The problem of underpayment of superannuation guarantee commitments by employers is more pronounced in regional and low-income areas, according to new research from Industry Super Australia (ISA).
While the phenomenon is widespread across the country, the performance among states and within states differs markedly.
Across the country some 2.76 million workers, or 32 per cent of those getting super guarantee payments, were owed $5.6 billion in under or unpaid super, or an average of $2025 each in 2013-14, ISA estimated based on tax data.
About 610,000 workers received no super guarantee payments at all.
However, in individual states and territories the ratio of underpaid workers varied from 29 per cent in South Australia to 40 per cent in the Northern Territory.
Within the states and regions, the performance also varied markedly. The worst performers were Darwin and its satellite city of Palmerston where 42 per cent of workers had been underpaid an average of $2953 each. Elsewhere in the NT the seat of Lingiari, which covers the rest of the Territory, 37 per cent of workers suffered underpayment.
Workers in the central and western Queensland and the coastal cities of Mackay and Rockhampton were also hard hit. The federal electoral seats of Herbert and Dawson experienced underpayment of 35 per cent and 37 per cent respectively.
In Sydney, hard hit regions included the city’s south-western suburbs of Campbelltown, Leumeah, Glenfield and Liverpool, as well as the inner city electorate of Sydney. Here underpayment ranged from 36 per cent to 37 per cent.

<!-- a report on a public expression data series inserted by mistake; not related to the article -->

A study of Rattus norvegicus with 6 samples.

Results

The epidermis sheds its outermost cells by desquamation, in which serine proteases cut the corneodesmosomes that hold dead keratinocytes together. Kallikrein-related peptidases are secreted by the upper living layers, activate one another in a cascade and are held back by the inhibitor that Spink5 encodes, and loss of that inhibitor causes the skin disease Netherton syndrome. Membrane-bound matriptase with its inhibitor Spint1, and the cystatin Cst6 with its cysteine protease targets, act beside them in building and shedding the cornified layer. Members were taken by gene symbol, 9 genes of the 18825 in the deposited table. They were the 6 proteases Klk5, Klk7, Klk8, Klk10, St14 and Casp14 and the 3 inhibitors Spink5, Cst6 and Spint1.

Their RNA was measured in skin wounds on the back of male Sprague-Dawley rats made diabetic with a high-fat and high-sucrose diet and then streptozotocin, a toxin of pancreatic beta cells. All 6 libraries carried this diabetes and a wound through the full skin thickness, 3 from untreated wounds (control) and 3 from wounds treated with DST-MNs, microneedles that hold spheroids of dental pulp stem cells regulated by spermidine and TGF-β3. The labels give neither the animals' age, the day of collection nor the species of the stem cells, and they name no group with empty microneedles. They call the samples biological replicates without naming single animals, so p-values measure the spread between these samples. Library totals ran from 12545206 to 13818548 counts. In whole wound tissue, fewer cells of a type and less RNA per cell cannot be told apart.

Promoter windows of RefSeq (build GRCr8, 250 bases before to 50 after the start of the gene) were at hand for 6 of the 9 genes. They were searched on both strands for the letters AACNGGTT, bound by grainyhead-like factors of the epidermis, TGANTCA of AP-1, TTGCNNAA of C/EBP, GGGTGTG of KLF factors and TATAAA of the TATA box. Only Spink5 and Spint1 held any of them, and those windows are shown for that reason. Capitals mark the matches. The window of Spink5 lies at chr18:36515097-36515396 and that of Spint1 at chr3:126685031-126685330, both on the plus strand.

The research showed 15 of the 25 most-affected electorates were in New South Wales. Seven of the 10 least-affected electorates, as a percentage of eligible employees, were represented by members of the Liberal party, including Kelly O’Dwyer, Josh Frydenberg and Tim Wilson.
Five of the 10 most affected electorates by percentage of eligible employees were represented by members of the Labor party, including Tanya Plibersek, Warren Snowdon and Chris Hayes.
ISA public affairs chief Matt Linden told The New Daily the worst affected areas tended to be in low-income regions where there is a high incidence of casual work in occupations like construction.
Conversely, the areas with the lowest level of super underpayments were higher income and tended to be in capital cities.
The phenomenon of underpaid super is widely accepted and the Senate is currently conducting an inquiry into it. However, there is some dispute over the numbers. The Association of Superannuation Funds of Australia has put the annual figure of unpaid super at about $2.75 billion, affecting 650,000 workers.
The Australian Tax Office told the Senate committee it is wary of estimating underpaid superannuation, as it finds it a “challenging” task. It described Industry Super’s 2016 estimates as “not … reliable” and “too high”.
A loophole in the system allows employers to substitute payments made by employees under salary sacrifice elections for their own liabilities for the super guarantee. ISA says this costs employees about $1 billion a year but the ATO does not know how many employers are using the loophole.